Nobody knew what will be the fate of Lahorites when dengue hit the town three years ago. Even the government, especially the health officials were caught off guard. The world was shocked too. Lahore is hardly a ‘tropical’ breeding ground for dengue mosquitoes.
However, the Punjab government with its allied department Punjab Information Technology Board (PITB), headed by Dr. Umar Saif came up with an effective idea of establishing a hotline to report the dengue fever in any locality. Hence, in no time at all when you compare it with the other parts of the world (Thailand, Sri Lanka and others) where dengue is a menace and governments spend over decades to control the death from dengue fever, Pakistan was able to contain the epidemic into unbelievable manageable bits.
In a recent study published with the title ‘Fine-grained dengue forecasting using telephone triage services’ by Scienceadvances stated Punjab province in Pakistan, with a population of close to 100 million was affected by a dengue epidemic in 2011. More than 21,000 dengue patients were reported, most of them from the city of Lahore. There was no mechanism to detect the epidemic early or to localize the outbreaks, resulting in the loss of more than 350 lives.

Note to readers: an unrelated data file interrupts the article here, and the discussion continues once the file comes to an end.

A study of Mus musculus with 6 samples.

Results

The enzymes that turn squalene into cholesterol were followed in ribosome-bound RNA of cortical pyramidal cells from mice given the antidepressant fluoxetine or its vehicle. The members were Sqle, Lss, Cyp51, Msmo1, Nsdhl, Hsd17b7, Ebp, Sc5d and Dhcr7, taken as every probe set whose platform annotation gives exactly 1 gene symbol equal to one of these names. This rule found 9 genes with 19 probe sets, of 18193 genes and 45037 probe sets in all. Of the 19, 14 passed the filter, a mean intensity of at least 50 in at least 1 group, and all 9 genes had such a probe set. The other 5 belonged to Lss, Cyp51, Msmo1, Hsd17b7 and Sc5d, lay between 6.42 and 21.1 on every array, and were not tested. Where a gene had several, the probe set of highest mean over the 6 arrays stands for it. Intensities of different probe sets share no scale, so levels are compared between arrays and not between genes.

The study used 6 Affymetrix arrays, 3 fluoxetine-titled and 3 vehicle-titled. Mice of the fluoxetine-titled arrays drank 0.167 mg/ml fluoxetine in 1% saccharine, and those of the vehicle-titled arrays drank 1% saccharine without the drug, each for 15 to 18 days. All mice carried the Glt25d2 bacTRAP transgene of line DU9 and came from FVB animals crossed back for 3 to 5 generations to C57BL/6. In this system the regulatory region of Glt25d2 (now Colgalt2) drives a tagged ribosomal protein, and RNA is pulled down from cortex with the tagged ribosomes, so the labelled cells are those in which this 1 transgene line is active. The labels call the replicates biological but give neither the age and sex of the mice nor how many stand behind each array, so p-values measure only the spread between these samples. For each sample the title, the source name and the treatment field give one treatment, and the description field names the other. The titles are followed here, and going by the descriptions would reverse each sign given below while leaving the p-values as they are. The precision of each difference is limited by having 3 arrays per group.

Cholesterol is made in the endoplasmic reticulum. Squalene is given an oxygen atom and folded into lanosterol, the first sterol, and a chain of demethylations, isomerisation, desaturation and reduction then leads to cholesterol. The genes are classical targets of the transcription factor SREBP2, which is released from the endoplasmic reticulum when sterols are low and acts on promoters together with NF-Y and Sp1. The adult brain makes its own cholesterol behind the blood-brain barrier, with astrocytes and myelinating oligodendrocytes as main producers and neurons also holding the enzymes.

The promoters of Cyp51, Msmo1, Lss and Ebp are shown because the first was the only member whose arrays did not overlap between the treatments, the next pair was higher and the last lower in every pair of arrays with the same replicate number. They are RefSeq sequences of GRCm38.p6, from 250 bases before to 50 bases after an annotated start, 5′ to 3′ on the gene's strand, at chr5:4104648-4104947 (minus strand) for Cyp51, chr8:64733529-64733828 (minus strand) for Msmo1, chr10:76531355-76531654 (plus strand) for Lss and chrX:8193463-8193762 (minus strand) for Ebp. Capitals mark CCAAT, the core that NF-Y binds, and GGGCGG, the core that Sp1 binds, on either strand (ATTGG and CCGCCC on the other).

“We’d never had a dengue outbreak of this sort before,” says Dr. Umar Saif, chairman of the PITB and a coauthor of the study.
The PITB used a simple phone-based helpline facility (telephone triage service) to develop an early epidemic warning system for dengue in Pakistan which not only provides an accurate measure of future disease cases at a fine-grained sub-city level, also flags an outbreak and makes an accurate forecast of both the number of patients and their locations 2 to 3 weeks ahead of time.